Sweating is just one of the body’s many processes that help keep us cool.
Keeping warm in winter and cool in summer is down to more than the length of your hair.
From depression to muscle soreness: what are the potential benefits of cold water therapy?
If you think your medicine may be contributing to overheating, it’s very important you keep taking your medicine. Discuss your symptoms with your pharmacist or doctor.
Keeping your fingers and toes warm is the key.
New research finds that ‘leaky mitochondria’ help keep sea otters warm.
When the weather outside is very hot, it can make us feel really unhappy. Here’s why.
The beginnings of measuring fever go back more than 400 years.
Around 1.5 billion people worldwide have this common genetic variant.
Everything from hormones to certain heath conditions can affect how we feel.
‘Normal’ body temperature has declined in urban, industrialized settings like the US and UK. Anthropologists find the trend extends to Indigenous people in the Bolivian Amazon – but why?
Using infrared thermal imaging to screen for COVID19 poses no risk to the public but must be done correctly to be reliable.
‘Normal’ body temperature varies from person to person by age, time of day, where it’s measured, and even menstrual cycle. External conditions also influence your thermometer reading.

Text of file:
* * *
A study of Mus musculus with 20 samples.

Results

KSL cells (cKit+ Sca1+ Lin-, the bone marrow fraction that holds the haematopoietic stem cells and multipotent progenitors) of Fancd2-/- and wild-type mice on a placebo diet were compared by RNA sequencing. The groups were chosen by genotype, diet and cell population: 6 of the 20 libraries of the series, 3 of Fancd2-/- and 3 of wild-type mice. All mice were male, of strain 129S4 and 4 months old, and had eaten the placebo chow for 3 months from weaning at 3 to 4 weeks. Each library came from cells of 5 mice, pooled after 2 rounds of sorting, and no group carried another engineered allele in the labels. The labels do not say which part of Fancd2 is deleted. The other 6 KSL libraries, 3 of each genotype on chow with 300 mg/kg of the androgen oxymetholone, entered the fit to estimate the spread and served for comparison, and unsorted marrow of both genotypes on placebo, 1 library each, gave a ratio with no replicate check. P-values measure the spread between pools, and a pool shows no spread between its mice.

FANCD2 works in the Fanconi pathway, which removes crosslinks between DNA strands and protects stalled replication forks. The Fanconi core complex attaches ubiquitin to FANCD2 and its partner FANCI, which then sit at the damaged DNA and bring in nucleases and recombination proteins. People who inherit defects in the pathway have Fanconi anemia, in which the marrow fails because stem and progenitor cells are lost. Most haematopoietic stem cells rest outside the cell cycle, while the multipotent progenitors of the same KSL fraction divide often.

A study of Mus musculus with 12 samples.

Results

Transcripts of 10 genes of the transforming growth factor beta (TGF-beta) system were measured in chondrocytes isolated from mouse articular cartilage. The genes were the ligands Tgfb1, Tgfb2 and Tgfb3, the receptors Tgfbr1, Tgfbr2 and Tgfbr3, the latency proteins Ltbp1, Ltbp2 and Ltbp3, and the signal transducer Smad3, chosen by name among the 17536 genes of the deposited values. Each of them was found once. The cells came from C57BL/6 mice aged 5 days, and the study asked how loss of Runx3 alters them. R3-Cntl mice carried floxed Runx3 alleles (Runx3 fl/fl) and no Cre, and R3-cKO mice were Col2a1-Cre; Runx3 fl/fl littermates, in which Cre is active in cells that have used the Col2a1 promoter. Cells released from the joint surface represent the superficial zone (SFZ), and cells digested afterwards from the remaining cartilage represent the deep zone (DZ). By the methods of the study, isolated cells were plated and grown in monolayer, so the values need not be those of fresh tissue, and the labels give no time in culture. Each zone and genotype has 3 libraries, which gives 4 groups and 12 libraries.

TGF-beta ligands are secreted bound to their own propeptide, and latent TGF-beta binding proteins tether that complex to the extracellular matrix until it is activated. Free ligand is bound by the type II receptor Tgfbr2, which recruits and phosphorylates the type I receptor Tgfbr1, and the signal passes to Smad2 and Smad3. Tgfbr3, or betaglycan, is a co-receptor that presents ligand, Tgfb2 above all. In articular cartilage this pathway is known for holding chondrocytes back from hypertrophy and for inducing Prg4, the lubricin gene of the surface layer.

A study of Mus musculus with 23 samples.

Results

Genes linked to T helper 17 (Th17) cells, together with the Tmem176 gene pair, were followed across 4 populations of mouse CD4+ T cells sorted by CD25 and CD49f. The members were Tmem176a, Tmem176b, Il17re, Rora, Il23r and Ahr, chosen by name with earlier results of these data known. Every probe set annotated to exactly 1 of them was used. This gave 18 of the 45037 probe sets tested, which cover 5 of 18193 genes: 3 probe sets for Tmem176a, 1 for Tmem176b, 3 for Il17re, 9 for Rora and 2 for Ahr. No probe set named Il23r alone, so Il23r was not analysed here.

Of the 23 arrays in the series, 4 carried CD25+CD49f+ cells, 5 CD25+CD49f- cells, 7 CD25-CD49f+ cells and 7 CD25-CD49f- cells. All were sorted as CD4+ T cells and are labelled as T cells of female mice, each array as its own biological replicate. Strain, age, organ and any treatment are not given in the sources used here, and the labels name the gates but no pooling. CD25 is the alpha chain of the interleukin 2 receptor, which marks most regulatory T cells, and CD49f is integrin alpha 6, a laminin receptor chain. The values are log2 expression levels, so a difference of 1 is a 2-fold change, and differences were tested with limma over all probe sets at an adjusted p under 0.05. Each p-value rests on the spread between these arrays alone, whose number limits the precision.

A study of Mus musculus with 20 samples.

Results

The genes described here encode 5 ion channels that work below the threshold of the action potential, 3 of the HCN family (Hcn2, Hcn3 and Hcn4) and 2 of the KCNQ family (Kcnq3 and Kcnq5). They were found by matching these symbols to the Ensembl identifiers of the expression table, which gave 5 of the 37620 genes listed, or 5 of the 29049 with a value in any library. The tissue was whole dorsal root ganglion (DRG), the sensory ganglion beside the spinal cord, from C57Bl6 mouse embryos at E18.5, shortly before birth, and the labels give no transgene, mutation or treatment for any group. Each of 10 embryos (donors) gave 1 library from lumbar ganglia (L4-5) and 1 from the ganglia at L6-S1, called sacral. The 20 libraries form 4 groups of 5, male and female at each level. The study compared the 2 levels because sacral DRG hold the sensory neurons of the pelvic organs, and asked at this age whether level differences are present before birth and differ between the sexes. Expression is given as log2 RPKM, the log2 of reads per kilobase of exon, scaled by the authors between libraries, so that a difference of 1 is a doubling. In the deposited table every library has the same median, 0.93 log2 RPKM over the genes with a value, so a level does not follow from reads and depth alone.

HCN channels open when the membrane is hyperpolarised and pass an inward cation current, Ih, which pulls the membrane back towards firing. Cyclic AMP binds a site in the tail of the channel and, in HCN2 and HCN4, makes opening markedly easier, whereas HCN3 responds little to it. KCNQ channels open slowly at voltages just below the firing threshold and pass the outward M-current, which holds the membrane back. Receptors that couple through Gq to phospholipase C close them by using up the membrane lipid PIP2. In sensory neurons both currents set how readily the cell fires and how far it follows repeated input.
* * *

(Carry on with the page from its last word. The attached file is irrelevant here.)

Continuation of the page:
‘Wet-bulb’ temperature records show that deadly thresholds for heat and humidity are arriving faster than anticipated.
Winter comes with colder temperatures. You and your body can work together to stay comfortable.
Everyone has a different ideal temperature at any given time. It could be more comfortable to monitor people’s body temperatures and adjust heating and cooling in response.
It’s not as simple as saying you won’t ‘feel the benefit’.
Sweat comes from special parts in our skin called glands. You might be able to see them if you have a very strong magnifying glass.
Techniques and technology can help athletes perform at their best even in freezing temperatures.
They say ‘men sweat, while women glow’. But new research shows gender is not the reason for different levels of sweating.